On Tue, Feb 02, 2021 at 19:20:22 +0100, Manuel Bouyer wrote:

> I've been debugging an issue wuth Xen, where xenstored loops at 100%
> CPU on poll(2).
> after code analysis it's looping on closed Unix socket desriptors.
> From what I understood the code expect poll(2) to return something
> different from POLLIN when the remote end of the socket is
> closed (it checks for (~(POLLOUT|POLLIN)) to it could be either
> POLLERR or POLLHUP I guess - or eventually POLLRDHUP which we don't have).
> Who is right here, linux or NetBSD (linux claims to be posix, while
> our man page doens't mention it) ?
> Is there a way to check if a connection has been closed without a read() ?

You have to be careful what you read into "claim to be posix",
especially when connection creation and termination are concerned.
Termination is extra fun because there are half-closed sockets.

My experience is that the only thing you can rely on is that if
POLLFOO is reported for an fd then the "foo" action on that fd will
not block - which is, essentially, poll's principal raison d'etre.
The details can vary wildly from system to system, so you might need
some strategic planning and experimentation.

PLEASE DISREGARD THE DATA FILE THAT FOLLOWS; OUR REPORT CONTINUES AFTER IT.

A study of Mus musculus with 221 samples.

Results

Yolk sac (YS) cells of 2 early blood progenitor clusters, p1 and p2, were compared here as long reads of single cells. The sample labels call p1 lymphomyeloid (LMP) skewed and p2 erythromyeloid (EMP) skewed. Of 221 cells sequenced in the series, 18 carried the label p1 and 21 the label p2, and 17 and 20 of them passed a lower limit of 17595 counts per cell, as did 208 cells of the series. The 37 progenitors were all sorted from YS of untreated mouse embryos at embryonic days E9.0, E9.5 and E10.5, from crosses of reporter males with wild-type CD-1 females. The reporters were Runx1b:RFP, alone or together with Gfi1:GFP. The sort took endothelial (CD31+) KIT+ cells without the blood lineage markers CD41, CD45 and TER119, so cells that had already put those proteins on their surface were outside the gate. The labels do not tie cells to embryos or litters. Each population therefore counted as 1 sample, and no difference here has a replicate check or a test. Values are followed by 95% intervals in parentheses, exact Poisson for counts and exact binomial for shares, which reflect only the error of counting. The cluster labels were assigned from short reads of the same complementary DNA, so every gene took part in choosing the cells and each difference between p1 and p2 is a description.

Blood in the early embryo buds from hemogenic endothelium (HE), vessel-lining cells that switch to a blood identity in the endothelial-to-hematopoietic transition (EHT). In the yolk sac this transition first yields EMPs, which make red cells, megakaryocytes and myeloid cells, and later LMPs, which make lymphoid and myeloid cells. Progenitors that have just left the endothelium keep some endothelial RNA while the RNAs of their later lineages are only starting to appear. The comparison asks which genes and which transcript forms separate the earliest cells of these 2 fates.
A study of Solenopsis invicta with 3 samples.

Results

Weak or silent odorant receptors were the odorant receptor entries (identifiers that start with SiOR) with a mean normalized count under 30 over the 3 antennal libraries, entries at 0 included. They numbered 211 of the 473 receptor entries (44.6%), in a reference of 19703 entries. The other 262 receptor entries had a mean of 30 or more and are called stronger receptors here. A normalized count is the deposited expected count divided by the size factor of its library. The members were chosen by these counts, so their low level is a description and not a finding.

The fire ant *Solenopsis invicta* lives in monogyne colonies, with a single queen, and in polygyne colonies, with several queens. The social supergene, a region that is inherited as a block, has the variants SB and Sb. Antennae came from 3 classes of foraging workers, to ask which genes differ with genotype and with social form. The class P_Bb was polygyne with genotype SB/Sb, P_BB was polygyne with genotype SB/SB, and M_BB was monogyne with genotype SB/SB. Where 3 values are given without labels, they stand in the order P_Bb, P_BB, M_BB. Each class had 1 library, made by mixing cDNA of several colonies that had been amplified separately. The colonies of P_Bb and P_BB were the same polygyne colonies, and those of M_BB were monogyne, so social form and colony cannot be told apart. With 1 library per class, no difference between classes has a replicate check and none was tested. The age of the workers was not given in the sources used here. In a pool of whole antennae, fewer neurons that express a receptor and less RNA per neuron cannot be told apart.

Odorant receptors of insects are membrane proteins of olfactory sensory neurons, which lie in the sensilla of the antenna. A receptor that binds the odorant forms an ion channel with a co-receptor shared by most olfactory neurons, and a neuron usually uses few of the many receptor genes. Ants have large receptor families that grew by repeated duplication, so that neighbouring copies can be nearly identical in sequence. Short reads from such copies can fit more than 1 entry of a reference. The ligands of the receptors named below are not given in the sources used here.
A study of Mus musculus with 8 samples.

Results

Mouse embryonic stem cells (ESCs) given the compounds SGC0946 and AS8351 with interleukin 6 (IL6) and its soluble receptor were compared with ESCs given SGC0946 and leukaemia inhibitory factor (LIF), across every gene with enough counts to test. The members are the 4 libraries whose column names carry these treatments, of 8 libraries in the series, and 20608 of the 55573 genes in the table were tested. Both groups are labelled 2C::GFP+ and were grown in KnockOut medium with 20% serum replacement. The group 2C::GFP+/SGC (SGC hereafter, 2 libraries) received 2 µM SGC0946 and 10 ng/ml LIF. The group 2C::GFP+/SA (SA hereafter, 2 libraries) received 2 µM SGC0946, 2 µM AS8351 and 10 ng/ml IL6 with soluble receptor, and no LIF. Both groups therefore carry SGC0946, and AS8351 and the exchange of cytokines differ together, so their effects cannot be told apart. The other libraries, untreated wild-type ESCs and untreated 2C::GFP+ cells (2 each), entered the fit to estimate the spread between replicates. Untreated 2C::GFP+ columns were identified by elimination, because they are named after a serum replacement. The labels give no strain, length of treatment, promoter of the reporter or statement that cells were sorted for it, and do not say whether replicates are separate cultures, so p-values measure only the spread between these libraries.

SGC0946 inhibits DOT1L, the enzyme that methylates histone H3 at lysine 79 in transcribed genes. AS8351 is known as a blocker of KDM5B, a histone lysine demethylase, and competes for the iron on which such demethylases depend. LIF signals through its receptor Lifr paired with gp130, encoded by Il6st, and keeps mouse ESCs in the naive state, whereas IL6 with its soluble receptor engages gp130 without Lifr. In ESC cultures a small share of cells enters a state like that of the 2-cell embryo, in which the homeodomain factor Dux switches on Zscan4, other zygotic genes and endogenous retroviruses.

I don't have all my relevant notes handy, but as an example, consider
a failed connect(2) that you poll for POLLOUT (posix: "A file
descriptor for a socket that is connecting asynchronously shall
indicate that it is ready for writing, once a connection has been
established.").  On failed connect(2) you will get:

- NetBSD, Solaris: POLLOUT

POLLHUP on "close" is even more fun because of half-closed
connections.  NetBSD and Solaris never report POLLHUP for sockets,
MacOS reports POLLHUP when remote closes, Linux reports POLLHUP when
both directions are closed.  Note that getting POLLHUP doesn't mean
that you can immediately "give up" on that socket, you still have to
read it b/c there may still be unread data.  E.g. consider sending a
request, half-closing your side, getting a reply from the server that
ends up in the kernel's socket buffer followed by the server
half-closing its end and thus completely closing the connection.  At
this point you haven't read anything yet in the application, but you
will get POLLHUP (and POLLIN for the data, iirc).  So that POLLHUP is
not really telling you much.

All of the above is strictly "IIRC" and might have changed since the
last time I checked.

To reiterate, my point is that 1) you can assume very little about
specific events reported for boundary conditions - different systems
report them differently; 2) you have to remember that the main promise
of the poll(2) is that the corresponding operation will not block.

PS: Sorry if that was a bit on the rambling side.